I wasn’t sure how this year’s Parks & Rec would play out with most of season centered on Leslie Knope’s election bid for city council of Pawnee.  It turns out that the outcome was especially important to Leslie, as Pawnee city law states that if there is a tie, a male candidate is elected and a woman candidate would be thrown in jail.  This is consistent with Pawnee history, as faithful viewers know and love.

So stakes were high.

But more importantly, there was a brief moment in the season finale that cemented Leslie Knope as one of the great lead characters in sitcoms past or present.  She steps into the voting booth, pauses, and then punches in her own name, with tears in her eyes as she realizes a dream, one that viewers have come to not just recognize but to feel along with her.  We don’t get to see a character with this much bare sincerity on a comedy too often.  There was no joke – except for Bobby Newport in the booth next door not comprehending how to vote – it was a character achieving a noble lifelong dream.  I crossed my fingers that they would play this one straight, not having her accidentally mark in the porn star next to her name on the ballot… and then they followed through with purity to the character.  Leslie Knope really deserved this moment, and so did we, for watching it build over the seasons.

Knope campaign team absorbed in broadcast of election results.

The short scene sums up everything that the series has done right since its season two turnaround to establish Leslie Knope from an idiotic, ambitious, but clueless bureaucrat to an over-eager, over-earnest, sometimes wildly misguided, manically hardworking, and almost always well-intentioned political dreamer ready to risk and sacrifice to become a real politician: to serve the people, even the people of Pawnee, who have the most revolting manner of drinking from water fountains imaginable.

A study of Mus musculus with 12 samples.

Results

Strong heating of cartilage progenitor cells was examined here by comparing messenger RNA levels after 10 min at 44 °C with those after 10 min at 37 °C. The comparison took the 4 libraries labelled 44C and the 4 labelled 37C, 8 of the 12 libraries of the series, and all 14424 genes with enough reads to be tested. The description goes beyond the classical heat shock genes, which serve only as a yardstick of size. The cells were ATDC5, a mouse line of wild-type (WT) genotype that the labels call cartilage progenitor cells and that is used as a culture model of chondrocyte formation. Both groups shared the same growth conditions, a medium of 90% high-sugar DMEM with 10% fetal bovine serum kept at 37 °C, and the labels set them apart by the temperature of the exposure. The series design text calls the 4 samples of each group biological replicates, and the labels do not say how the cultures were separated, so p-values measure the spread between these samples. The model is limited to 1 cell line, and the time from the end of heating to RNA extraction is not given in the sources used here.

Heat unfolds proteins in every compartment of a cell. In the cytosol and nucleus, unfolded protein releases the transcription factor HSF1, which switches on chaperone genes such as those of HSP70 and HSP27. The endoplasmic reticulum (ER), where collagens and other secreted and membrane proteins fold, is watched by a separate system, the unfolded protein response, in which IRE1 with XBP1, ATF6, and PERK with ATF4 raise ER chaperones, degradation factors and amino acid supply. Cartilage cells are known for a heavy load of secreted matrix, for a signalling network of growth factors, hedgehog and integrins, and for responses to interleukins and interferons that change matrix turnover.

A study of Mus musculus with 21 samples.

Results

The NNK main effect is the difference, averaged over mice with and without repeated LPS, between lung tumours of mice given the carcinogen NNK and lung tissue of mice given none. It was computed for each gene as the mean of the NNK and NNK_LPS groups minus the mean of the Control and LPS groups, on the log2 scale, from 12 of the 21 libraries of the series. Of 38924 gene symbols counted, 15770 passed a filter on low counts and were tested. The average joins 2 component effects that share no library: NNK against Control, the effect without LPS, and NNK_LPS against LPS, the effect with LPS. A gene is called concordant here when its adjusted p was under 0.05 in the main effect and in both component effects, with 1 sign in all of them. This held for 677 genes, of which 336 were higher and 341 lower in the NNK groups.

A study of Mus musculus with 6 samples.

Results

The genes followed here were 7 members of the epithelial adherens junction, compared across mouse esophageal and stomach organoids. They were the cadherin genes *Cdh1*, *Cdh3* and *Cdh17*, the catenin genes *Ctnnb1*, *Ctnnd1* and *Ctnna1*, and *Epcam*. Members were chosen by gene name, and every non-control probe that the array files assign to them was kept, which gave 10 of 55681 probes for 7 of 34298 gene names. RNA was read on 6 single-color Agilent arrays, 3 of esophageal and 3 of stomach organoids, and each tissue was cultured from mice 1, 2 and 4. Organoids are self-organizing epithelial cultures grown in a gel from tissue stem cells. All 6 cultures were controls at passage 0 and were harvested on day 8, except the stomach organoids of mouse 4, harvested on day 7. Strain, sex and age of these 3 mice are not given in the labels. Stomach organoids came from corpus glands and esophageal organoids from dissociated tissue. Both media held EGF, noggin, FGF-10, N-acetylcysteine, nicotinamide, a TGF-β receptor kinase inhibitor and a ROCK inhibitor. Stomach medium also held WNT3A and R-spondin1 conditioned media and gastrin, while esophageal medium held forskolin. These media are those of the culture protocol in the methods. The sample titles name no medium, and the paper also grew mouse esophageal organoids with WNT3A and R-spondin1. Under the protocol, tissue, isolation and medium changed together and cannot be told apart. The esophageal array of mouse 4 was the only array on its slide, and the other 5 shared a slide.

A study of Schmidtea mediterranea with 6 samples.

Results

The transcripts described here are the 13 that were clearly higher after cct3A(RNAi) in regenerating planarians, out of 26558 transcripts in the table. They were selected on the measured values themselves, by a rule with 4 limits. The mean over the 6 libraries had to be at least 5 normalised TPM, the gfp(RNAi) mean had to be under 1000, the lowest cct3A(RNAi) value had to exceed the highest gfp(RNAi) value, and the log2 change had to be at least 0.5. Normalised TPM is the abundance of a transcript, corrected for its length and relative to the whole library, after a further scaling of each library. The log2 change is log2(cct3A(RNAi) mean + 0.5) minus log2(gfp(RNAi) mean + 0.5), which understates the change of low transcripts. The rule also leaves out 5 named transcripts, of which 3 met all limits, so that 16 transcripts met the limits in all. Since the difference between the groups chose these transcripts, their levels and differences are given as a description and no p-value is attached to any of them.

Amy Poehler and the writers make it work for real, and I was so happy to see such a genuine, private, moving moment from a character who we’ve previously seen steal and overdose on flu medicine to make a public candidacy appearance, get drunk on a practice first date and then show up at her date’s house drunk that same night, and get into a public brawl over Parker Posey’s snooty character feeding waffles to a dog to get it to poop.

Toward the end of the finale, I wasn’t sure that I cared whether she won or lost because she’d already proven herself to me one way or the other.  She’d made the final turn around the corner from season one.  Thank you Michael Shur (and maybe Greg Daniels) for writing the close of the campaign.

I don’t know where the show will take her now.  I will miss the campaign, especially  Paul Rudd’s Bobby Newport, the dim-witted, silver-spoon opponent,  and Kathryn Hahn’s Jennifer Barkley, Newport’s ruthless, jaded careerist political advisor.  It speaks to the writing of the show that both these characters  sound despicable on paper but  come off as borderline likable (though not sympathetic), and most certainly succeed as two wildly different but precise comedic foils for Leslie and her political passion.

In the end, I didn’t really care whether it was win, lose, or draw.  I loved the finale, the pinnacle being a decidedly non-comic moment.  Win.

How do I find a Leslie Knope to vote for in real life?